Life / Travel

N.W.T. promotes last chance to drive ice road from Inuvik to Tuktoyaktuk

In southern Canada, driving on ice is something to avoid. In parts of the North, it's the only wintertime option — and for some adventurers, part of the attraction.

But that option will soon cease to exist on one well-known route: the 187 kilometres between Inuvik and Tuktoyaktuk in the Northwest Territories.

N.W.T. tourism officials are spreading the word that this winter offers the last chance to drive the seasonal ice road to Tuk, as the Arctic Ocean hamlet is called. Beginning in winter 2017-18, the frozen path — one of several northern ice roads — will be replaced by an all-season overland highway, a project that has been planned for decades.

What's it like to steer a vehicle on Arctic ice? A description on Inuvik's tourism website puts it this way: "A trip up in the winter, meandering through the frozen Mackenzie Delta and the treeless Arctic tundra as your four wheels leave pavement in favour of ice, is dreamlike."

According to a 15-year average, the ice road to Tuk opens in mid-December and closes around the end of April, the N.W.T. Transportation Department says. It provides details on road conditions and trip planning at bit.ly/2fM0Egn.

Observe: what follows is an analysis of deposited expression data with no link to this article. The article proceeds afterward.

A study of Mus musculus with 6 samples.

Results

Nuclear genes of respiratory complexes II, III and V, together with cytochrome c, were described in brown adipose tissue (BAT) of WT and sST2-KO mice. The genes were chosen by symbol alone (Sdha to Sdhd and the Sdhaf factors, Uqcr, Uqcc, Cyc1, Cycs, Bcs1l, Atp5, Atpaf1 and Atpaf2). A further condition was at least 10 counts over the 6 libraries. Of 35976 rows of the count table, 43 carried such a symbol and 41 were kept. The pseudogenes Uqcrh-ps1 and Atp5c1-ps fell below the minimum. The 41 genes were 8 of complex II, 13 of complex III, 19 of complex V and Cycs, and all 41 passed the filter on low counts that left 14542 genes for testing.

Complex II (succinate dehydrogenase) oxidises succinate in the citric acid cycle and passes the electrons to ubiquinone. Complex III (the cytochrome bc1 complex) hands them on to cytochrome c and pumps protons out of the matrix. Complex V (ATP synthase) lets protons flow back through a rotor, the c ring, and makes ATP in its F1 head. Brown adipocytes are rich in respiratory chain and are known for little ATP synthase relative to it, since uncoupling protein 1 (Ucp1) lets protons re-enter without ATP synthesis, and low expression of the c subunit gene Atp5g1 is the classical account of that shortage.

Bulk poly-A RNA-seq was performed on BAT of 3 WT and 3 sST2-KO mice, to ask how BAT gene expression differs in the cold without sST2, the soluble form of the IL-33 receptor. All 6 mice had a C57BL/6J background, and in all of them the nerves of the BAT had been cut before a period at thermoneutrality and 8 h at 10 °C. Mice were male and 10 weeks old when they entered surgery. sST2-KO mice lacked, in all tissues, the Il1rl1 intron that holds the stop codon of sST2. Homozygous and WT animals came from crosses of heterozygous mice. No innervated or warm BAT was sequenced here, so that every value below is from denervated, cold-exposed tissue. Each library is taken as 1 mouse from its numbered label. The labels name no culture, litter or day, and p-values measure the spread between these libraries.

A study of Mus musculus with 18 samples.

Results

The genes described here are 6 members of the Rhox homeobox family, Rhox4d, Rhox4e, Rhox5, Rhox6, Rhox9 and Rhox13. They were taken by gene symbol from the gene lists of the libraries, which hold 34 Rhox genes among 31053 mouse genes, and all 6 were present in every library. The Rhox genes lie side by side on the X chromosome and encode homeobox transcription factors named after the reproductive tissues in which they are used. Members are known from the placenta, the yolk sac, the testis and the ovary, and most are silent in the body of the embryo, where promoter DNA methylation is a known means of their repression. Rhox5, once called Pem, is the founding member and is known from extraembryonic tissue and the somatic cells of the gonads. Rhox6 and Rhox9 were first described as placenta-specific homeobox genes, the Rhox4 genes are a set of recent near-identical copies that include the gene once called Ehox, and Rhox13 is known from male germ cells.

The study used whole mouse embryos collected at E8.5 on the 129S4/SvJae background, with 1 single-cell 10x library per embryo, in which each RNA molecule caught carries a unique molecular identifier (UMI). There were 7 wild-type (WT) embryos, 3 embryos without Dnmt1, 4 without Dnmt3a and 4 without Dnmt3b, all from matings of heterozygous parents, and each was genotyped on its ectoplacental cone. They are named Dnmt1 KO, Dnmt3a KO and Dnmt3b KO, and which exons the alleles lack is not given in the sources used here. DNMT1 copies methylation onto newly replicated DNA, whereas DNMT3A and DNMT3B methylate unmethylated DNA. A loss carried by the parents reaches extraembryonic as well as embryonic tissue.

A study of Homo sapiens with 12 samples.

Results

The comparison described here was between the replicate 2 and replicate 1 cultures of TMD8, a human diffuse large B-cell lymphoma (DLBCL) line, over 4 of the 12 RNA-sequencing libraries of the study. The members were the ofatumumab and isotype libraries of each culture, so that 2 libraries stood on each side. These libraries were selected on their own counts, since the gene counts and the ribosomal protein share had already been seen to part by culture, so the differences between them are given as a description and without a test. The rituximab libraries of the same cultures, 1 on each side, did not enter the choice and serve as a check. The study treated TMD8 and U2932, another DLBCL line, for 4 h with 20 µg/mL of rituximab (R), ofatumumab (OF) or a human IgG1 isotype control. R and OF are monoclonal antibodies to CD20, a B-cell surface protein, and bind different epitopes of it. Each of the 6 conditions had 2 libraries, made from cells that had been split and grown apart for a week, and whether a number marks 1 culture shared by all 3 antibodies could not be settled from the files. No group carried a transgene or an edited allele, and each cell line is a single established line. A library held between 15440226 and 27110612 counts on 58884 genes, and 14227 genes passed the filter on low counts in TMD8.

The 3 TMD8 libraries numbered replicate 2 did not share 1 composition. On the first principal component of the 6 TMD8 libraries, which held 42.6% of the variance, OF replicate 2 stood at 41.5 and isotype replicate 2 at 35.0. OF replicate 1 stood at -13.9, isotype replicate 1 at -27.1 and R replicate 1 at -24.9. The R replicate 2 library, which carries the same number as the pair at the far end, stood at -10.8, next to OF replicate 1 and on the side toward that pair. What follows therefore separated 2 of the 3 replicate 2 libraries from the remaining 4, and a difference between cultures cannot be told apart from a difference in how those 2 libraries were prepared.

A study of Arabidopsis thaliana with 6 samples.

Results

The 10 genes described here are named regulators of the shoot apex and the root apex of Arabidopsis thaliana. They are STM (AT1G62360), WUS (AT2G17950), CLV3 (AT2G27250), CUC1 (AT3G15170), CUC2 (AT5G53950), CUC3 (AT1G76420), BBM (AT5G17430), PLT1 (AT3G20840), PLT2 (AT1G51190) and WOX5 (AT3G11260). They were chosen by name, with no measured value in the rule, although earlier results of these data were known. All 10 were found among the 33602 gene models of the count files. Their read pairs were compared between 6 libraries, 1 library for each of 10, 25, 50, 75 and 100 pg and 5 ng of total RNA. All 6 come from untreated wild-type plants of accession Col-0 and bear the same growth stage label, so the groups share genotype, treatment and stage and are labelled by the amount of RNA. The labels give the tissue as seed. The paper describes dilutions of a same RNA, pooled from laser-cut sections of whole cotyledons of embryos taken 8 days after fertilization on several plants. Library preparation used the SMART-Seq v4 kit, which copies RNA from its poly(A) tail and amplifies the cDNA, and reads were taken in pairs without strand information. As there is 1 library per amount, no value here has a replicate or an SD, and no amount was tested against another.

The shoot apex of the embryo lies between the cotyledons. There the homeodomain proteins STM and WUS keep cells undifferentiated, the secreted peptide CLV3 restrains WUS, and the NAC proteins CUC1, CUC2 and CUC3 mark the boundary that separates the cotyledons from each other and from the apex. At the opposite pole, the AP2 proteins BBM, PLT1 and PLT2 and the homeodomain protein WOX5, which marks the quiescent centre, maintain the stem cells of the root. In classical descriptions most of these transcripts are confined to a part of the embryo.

"Speed limits on the ice roads are enforced for your safety," says N.W.T. Tourism, noting that cars can be rented for the adventure. "Dangerous holes can open in the road if speeding traffic creates waves under the ice."

Territory officials are promoting a variety of winter packages.

The Sunrise Festival package, from Jan. 4 to 9, includes dog sledding, ice road tours and an overnight at a cabin outside Inuvik.

The Canadian Arctic Reindeer package, available on various dates, includes observing a reindeer herd and visiting Tuk.

Welcome the Sunrise, from Jan. 6 to 8, lets visitors catch the first view of the sun after 30 days of Arctic winter darkness.

There are daily flights to Inuvik from Edmonton, Yellowknife and Whitehorse, and weekly flights from Vancouver, Calgary and Ottawa, according to Inuvik's website (trulyarctic.ca/get-here).

Airlines flying to Inuvik year-round include Air North, Aklak Air, Canadian North, First Air and North-Wright Airways.